Spotlight on… women on the Diploma in Global Business

In March, Oxford Saïd celebrated International Women’s Day and Women’s History month. During this time, we spoke to two scholars who have come through the Diploma in Global Business in recent years – Nelia Dias and Kelly Scarante.

Scholarships recognise talent and endorse excellent candidates, ensuring that Oxford Saïd can attract the brightest and best. With the help of our alumni community, we can provide more scholarships that will encourage a greater number of talented female candidates to come through the Diploma programmes and therefore achieve gender parity.

We are thrilled that our alumni have shared their experience on and highlights of the programme, their journey since graduating, and their thoughts on navigating bias in the workplace.

What made the Diploma the right choice for you?

Nelia Dias
Nelia Dias

Nelia: ‘The way the Diploma programme is designed made it possible for me to balance my responsibilities as a mother and as a professional working in Angola.’ 

Kelly: ‘When I saw that the Diploma enabled me to live abroad and just go to Oxford for the modules, that felt feasible to me, so the ability to combine my life and my responsibilities with the programme was the main factor in deciding to go for it...The format is crucial to the success of the programme.’

How has the Diploma helped advance your career?

Kelly Scarante
Kelly Scarante

Nelia: ‘The knowledge I received at Oxford broadened my perspective and added a seal of excellence to my credentials that I felt I needed, thanks to Oxford’s reputation as a top university. Studying at Oxford Saïd has empowered me to take on projects I would never have considered previously, and to work in areas totally outside of my comfort zone.’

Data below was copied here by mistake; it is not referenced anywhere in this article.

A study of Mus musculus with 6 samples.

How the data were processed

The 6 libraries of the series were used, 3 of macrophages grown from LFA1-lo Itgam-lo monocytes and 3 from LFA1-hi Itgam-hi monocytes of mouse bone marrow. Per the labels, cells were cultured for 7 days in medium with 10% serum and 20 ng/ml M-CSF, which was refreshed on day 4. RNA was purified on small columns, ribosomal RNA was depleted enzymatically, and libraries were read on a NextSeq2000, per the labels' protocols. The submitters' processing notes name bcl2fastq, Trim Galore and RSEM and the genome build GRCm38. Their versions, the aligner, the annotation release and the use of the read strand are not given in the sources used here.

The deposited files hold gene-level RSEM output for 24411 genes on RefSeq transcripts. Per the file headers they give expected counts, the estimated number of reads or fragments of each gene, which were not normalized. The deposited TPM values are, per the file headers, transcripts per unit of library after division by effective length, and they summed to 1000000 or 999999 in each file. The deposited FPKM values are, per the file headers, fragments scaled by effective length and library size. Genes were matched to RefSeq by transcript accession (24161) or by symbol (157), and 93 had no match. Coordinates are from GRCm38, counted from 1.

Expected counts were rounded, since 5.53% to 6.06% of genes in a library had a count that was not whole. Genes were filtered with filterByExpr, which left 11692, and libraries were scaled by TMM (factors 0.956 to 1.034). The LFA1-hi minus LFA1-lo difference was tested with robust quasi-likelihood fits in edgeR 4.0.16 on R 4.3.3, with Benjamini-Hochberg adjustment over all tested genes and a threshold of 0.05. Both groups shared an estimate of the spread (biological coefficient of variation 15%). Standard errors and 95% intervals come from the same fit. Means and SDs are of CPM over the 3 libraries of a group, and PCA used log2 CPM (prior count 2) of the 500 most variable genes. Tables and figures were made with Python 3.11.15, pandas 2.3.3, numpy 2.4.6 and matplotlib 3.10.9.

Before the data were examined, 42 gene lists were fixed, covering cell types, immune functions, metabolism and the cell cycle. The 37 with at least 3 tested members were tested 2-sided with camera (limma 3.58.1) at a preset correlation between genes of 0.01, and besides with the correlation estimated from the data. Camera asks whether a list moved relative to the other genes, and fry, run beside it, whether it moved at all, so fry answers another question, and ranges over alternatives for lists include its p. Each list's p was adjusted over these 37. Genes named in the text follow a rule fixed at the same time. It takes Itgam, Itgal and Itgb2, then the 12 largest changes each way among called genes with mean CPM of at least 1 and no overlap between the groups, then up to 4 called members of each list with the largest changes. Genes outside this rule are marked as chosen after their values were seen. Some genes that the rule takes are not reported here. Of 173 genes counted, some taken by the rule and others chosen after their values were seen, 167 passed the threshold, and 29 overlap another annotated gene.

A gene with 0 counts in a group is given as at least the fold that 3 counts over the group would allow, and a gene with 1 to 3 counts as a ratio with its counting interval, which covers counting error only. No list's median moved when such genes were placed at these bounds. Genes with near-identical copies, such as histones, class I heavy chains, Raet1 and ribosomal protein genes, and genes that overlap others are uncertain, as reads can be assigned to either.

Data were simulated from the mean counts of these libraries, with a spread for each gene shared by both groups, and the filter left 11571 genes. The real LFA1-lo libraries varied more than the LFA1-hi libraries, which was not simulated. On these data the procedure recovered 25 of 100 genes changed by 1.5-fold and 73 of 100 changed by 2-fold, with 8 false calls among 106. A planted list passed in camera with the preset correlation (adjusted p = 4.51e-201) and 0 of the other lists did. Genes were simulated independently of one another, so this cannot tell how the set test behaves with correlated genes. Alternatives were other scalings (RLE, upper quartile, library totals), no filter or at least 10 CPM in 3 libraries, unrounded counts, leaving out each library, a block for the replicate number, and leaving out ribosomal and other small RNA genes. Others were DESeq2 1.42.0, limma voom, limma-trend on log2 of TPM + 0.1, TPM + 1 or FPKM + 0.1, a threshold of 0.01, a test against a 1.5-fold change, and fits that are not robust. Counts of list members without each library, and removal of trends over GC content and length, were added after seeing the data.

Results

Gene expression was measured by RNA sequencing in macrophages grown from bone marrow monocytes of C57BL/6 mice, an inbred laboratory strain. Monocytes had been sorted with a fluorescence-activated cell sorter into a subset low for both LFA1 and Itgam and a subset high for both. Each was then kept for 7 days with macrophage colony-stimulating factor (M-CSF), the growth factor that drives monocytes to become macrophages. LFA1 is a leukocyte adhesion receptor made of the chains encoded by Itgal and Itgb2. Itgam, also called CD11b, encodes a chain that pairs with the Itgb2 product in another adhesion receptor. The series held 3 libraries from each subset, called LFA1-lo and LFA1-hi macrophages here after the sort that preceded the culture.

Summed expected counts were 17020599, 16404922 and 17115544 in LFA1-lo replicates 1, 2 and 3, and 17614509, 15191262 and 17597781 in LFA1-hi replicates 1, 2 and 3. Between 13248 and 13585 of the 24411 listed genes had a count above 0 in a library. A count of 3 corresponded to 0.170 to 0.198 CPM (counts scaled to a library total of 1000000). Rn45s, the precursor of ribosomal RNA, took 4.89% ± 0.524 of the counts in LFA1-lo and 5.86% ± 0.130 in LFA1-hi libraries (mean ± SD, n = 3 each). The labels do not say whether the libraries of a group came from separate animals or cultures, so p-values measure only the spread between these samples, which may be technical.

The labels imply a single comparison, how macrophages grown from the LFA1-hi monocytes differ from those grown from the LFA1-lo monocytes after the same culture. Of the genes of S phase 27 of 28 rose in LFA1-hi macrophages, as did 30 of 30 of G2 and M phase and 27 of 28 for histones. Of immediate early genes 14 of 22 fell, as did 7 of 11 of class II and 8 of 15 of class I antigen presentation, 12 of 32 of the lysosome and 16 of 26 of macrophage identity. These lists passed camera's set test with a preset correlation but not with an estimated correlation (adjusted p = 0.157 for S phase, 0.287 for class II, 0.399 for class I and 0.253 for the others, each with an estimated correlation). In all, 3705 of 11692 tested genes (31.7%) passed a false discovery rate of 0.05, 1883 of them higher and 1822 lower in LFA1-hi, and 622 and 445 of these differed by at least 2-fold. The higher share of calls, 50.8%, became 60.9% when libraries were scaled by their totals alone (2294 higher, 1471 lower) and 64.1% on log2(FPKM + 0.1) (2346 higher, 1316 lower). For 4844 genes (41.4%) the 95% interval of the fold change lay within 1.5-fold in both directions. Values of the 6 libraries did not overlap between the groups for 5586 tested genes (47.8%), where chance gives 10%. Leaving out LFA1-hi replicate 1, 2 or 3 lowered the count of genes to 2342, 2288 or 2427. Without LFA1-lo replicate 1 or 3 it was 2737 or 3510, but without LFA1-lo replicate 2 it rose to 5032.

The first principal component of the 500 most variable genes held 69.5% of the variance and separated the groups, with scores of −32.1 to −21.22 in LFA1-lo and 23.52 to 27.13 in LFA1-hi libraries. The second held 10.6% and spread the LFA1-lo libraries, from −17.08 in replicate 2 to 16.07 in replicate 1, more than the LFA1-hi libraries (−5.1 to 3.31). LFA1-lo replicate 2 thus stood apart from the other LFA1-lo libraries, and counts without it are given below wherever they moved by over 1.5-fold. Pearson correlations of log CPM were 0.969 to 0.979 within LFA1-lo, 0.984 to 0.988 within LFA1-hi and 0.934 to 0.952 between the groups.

Kelly: ‘Being part of this selective group made me feel more confident and helped me position myself better for senior roles. I was able to secure the COO role in HSBC Mexico, which was a big jump in my career. It was a demanding and exceptionally busy period, but I’m so glad I pursued the Diploma because it really helped me achieve what I wanted to in my career.’

How beneficial are diverse classrooms/workplaces?

Kelly: ‘It was so interesting to hear the different takes that my peers from different industries absorbed from the same course, and the same content. It makes it so much more colourful and enriches the whole experience.’ 

Nelia: ‘It’s so important to recognise and accept that in today’s world for an organisation to be and remain competitive, and to achieve, that you need a diverse way of thinking, resolving problems and creating sustainable opportunities.’ 

How can we navigate bias in the workplace?

Nelia: ‘I think that we should celebrate traditionally feminine attributes – our difference is a strength. I’m glad that attributes that were once seen as disadvantageous are now celebrated in the workplace – for instance taking care of your colleagues and supporting their wellbeing. The growth of this culture is fostering a very positive workspace and leaving no space for abuse.’

Kelly: ‘I’m being very intentional and committed to the agenda of helping women navigate the path and challenges that they face. One thing that I’ve learnt - and I try to pass it on -  is that you don’t need to modulate a masculine leadership style to achieve. You can still build and develop your career from a place of authenticity and that’s an important thing to bring to the table.’

This year, Oxford Saïd is launching the Rewley Scholarship. Formerly known as the Alumni Annual Fund Scholarship, the Rewley Scholarship aims to increase the number of awards we can offer and ensure that Oxford Saïd can attract candidates that might otherwise not have considered Oxford, widen access, and increase diversity. Through their contributions, our alumni enable future Oxford Saïd students to benefit from a world-class education and opportunity-filled network.

You can support this initiative on Giving Day in June.